The preparation before surgery depends on whether you have something done under local anesthesia in the office or something under general anesthesia in the operating room. However, some preparations are the same.
In general your procedure will result in less bleeding, if blood thinners are stopped a week prior to surgery. Blood thinners are the medication patients take after having a stent placed or when they have Afib (atrium fibrillation) or a history of clot formation like thrombosis in the leg or a PE (pulmonary embolus). Medications like Warfain, Coumadin, Heparin, Prodexa, Eliquis are the most common ones but medications which thin the blood also include aspirin and fish oil, NSAID’s and vitamin E. It is best to check with your cardiologist or primary care doctor whether you are allowed to stop these medications temporarily. Most often, these medications can be held for a week, but sometimes they can’t and we will have to do your surgery when you are on these blood thinners. done in the office under local anesthesia don’t require the patients to fast after midnight and skip breakfast. It is recommended to wash to operative site with Hibiclens an antibacterial soap starting 3 days prior to surgery. Have a light breakfast and go to the bathroom prior to the procedure. Bring something to readin case you have to wait and try not to get worked up, since that will raise your blood pressure unnecessarily and make you bleed more.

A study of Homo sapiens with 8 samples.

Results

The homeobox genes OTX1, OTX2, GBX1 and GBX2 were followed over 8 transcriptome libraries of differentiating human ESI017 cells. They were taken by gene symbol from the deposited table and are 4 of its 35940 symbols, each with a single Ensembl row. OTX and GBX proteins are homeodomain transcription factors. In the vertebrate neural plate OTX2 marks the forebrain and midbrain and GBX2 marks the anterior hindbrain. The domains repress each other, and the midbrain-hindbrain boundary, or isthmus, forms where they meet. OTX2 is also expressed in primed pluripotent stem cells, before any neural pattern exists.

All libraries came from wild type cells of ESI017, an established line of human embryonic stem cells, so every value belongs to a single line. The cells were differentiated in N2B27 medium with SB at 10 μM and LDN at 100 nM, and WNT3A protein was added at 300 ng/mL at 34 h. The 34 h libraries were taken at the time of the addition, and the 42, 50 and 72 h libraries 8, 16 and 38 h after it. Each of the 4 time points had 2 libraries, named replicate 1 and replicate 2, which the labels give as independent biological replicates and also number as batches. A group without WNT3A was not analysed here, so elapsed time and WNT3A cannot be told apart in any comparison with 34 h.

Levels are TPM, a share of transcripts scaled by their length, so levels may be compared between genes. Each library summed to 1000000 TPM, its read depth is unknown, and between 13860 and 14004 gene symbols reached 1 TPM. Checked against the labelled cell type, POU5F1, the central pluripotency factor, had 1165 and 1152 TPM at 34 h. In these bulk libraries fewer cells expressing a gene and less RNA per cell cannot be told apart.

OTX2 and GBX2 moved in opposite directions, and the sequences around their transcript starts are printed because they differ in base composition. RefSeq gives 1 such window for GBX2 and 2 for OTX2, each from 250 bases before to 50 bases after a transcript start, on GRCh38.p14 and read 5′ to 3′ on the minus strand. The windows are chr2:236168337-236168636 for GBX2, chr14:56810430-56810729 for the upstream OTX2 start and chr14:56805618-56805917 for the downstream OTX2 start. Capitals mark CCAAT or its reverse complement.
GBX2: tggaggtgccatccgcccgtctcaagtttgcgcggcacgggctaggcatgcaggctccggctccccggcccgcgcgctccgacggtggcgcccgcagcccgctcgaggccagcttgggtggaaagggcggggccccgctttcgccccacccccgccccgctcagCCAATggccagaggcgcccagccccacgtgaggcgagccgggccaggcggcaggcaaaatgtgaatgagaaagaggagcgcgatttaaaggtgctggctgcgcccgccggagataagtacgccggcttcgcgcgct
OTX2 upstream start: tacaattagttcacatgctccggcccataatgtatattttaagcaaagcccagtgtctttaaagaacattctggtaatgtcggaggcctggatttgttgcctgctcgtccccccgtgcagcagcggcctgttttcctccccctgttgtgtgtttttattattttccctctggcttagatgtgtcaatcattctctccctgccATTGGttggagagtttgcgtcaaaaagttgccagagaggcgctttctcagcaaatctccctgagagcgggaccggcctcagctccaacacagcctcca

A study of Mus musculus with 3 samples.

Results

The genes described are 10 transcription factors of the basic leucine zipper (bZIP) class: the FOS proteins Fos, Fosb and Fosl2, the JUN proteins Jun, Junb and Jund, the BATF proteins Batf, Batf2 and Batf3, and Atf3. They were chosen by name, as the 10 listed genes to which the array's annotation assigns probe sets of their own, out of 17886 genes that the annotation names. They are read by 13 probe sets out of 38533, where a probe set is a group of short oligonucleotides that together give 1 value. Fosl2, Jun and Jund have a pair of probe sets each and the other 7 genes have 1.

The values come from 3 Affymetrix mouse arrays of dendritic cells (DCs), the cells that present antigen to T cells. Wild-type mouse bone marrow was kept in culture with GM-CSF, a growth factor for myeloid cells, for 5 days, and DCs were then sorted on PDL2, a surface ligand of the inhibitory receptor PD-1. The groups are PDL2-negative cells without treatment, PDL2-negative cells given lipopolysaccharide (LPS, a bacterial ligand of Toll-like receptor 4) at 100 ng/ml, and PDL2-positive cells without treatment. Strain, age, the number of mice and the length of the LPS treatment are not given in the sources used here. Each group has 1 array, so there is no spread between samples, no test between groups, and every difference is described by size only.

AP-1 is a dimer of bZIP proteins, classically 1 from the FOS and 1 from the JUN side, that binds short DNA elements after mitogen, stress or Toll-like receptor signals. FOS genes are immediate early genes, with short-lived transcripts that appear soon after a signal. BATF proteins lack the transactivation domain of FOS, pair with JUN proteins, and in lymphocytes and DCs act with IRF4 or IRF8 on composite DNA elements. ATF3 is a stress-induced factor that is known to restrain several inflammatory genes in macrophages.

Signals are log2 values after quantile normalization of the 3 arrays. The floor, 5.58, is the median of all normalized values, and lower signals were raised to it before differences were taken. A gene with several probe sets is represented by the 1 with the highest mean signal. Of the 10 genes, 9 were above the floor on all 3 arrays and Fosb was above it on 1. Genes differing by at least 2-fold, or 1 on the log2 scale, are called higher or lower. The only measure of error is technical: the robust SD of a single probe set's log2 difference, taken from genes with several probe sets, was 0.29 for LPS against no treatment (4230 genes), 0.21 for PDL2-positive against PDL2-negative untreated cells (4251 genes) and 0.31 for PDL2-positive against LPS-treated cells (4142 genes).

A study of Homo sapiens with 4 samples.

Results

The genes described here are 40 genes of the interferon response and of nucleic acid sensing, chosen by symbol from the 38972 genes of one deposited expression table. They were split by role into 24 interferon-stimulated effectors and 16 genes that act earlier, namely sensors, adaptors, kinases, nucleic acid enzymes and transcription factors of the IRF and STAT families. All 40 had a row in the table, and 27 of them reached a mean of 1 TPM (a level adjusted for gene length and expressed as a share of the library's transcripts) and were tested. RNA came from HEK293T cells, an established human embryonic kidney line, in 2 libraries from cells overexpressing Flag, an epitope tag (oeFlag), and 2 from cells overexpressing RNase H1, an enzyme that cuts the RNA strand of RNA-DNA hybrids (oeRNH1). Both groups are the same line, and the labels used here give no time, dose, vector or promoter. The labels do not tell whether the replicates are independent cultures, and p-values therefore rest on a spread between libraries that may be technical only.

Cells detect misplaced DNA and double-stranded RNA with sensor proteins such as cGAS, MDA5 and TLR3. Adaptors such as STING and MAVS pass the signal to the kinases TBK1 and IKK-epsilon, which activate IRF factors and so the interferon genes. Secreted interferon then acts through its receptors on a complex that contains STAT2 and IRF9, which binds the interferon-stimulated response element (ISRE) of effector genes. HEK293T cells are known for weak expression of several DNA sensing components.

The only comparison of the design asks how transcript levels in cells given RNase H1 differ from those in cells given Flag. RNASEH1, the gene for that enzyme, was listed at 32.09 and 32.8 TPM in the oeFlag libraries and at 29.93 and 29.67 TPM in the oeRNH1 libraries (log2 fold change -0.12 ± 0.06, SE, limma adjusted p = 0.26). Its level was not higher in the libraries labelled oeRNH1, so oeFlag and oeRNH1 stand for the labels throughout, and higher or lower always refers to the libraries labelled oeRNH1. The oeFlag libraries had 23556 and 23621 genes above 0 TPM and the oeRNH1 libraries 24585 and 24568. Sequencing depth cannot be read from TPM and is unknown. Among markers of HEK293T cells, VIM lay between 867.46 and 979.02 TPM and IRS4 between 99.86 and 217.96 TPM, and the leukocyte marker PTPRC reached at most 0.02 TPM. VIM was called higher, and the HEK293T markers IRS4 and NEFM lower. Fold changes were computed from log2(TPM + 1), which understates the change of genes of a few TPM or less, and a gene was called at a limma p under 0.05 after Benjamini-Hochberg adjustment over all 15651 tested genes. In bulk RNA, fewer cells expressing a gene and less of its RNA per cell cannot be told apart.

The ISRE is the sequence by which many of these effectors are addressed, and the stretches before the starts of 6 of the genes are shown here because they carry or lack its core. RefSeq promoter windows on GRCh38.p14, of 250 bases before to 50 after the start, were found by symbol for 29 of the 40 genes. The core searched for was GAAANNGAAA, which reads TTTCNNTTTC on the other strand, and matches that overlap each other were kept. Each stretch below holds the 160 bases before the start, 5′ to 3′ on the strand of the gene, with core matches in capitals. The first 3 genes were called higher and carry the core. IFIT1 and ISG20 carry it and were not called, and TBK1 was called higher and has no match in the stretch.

After surgery, they bandages typically stay on for 48 hours and then can be removed. Showering is allowed. Sitting in a bath tub or swimming is not allowed. It is recommended to clean the site with peroxide to remove dried blood and apply some polysporin and a bandaid twice per day. Generally we check the incision at 1 week and remove sutures on the face at that time as well. Sutures on the trunk, arms and legs stay in for 2 weeks.
If you develop any redness, itching or swelling at the operative site, it is recommended you give us a call. You could be allergic to the antibiotic cream, like Neosporin or have a superficial skin infection. Sometimes we have to treat it with an antibiotic like a cephalosporin (Keflex) or a similar antibiotic to treat it. We don’t put every patient on an antibiotic prophylactically, only high risk patients Or patients with implants (breast augmentation), drains (tummy tuck) or skin surgery on the lower legs.